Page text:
Joyce N. Johnson, Carla Bristol, Jade, William Kwanena-Poh & Wanda Stuart at the opening of Gallerie909 on Thurs., April 17
BY RAVEN JOY SHONEL, Staff Writer
ST. PETERSBURG — The Deuces were alive last Thurs., April 17 with the opening of St. Petersburg’s newest art gallery. Situated just down from the Warehouse Arts District, Gallerie909, 909 22nd St. S., will be a force to reckon with on the art scene.
As the champagne flowed and the live jazz music filled the air, owner Carla Bristol worked the room with her high energy and effervescent smile. Numerous times traffic came to a halt because people would stop in the street to peer at the large crowd spilling out onto the patio area that connects her gallery to the soon-to-be Cajun restaurant.
He started painting as a child, not because his young soul yearned to be fulfilled by the brush and canvas, but to receive gifts from his father.
“I didn’t take it seriously. For me it was something to get out of my dad. So if I wanted something I would just start acting like I was drawing and he would get excited. I would tell him what I wanted and he would say, ‘OK, I’ll get it for you,’” Kwanena-Poh’s laughed. Perhaps his father encouraged so much him to explore his talent because his father too was an artist.
He immigrated in 1980 when his father accepted a Fullbright Scholarship to teach African history at Talladega College in Alabama. He too attended the historically black college and graduated with a degree in sociology.
Kwanena-Poh never put the paint brush down while hitting the books; in fact, he sold his first painting while still in college. He also started participating in art shows across the country while getting his degree. One particular art show in Florida, where he won an award, he received some advice that made him the artist that he is today.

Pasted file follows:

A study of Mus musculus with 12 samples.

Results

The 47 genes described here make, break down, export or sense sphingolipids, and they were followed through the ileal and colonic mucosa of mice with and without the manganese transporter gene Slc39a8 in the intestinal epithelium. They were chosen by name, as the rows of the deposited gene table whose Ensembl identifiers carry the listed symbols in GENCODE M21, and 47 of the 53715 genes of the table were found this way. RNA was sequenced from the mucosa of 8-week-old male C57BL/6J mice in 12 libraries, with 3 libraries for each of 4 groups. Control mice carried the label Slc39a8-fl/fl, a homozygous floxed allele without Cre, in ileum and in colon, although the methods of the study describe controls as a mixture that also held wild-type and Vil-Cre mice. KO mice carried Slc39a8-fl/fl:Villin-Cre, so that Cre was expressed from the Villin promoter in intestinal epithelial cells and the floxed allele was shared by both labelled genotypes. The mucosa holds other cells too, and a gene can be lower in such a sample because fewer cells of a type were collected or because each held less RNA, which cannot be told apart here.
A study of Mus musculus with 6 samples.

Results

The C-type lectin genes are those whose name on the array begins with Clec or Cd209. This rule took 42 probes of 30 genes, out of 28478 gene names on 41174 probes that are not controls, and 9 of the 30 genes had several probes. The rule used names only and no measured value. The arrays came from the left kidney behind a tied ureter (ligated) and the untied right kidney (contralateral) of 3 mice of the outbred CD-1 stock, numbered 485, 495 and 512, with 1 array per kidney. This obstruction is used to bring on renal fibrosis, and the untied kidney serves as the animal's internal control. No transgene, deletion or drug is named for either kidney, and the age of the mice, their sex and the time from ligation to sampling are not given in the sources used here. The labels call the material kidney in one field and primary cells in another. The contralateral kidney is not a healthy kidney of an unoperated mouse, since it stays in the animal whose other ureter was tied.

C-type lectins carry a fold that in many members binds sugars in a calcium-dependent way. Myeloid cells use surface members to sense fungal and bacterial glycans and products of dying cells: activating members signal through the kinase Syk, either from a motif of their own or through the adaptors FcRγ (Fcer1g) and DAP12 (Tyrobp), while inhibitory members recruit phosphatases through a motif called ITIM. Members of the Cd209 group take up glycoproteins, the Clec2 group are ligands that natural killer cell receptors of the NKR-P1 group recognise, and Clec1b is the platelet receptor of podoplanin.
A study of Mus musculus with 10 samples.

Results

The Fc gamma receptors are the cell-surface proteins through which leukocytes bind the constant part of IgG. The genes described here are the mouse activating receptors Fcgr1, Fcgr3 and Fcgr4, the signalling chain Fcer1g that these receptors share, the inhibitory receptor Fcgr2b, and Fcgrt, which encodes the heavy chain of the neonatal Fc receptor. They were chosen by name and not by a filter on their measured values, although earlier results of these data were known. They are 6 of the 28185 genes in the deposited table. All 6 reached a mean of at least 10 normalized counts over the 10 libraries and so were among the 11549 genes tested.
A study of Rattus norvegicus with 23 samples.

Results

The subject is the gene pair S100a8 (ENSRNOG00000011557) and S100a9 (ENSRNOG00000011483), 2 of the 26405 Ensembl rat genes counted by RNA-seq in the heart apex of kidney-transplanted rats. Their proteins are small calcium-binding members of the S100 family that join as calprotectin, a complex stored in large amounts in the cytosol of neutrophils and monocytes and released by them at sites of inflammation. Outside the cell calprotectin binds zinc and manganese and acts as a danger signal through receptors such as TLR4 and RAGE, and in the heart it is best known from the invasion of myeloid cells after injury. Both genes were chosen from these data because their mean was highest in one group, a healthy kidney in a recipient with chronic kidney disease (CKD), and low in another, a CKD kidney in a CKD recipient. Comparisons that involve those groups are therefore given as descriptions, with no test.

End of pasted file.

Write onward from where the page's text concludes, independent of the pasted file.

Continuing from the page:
“I asked the judge what art school he thought I should attend, and he told me that art school would destroy my talent and they would teach me how to paint like them. So I listened to him and I kept on doing what I did,” said Kwanena-Poh. “I was self-taught and just developed talent over the years.”
After graduating, he worked in galleries in Washington, D.C. and Chicago. In 1993, he opened his own gallery, Osibisa Fine Arts in Chicago. He later moved that gallery to Savannah, Ga., where he resides today.
His works have graced the sets of the “Cosby Show,” the motion picture “Losing Isaiah” starring Halle Berry, “Living Single,” “Martin,” and “Moesha” just to name a few. His works can also be found in corporate collections such as Amoco, Ford Motors, Disney and in other prominent and private collections of well-known public figures throughout the States and abroad.
Old friends, Kwanena-Poh met Bristol at St. Pete’s Mainsail Arts Festival years ago. She bought some of his work and continues to collect.
With such a fantastic grand opening, Bristol’s naysayers will have to rain on someone else’s parade. Gallerie909 is currently showcasing the works of artist Sharon Norwood and painter Marian Howard. Their works and others are displayed among sculptures, textured quilts, unique pottery and antique postcards.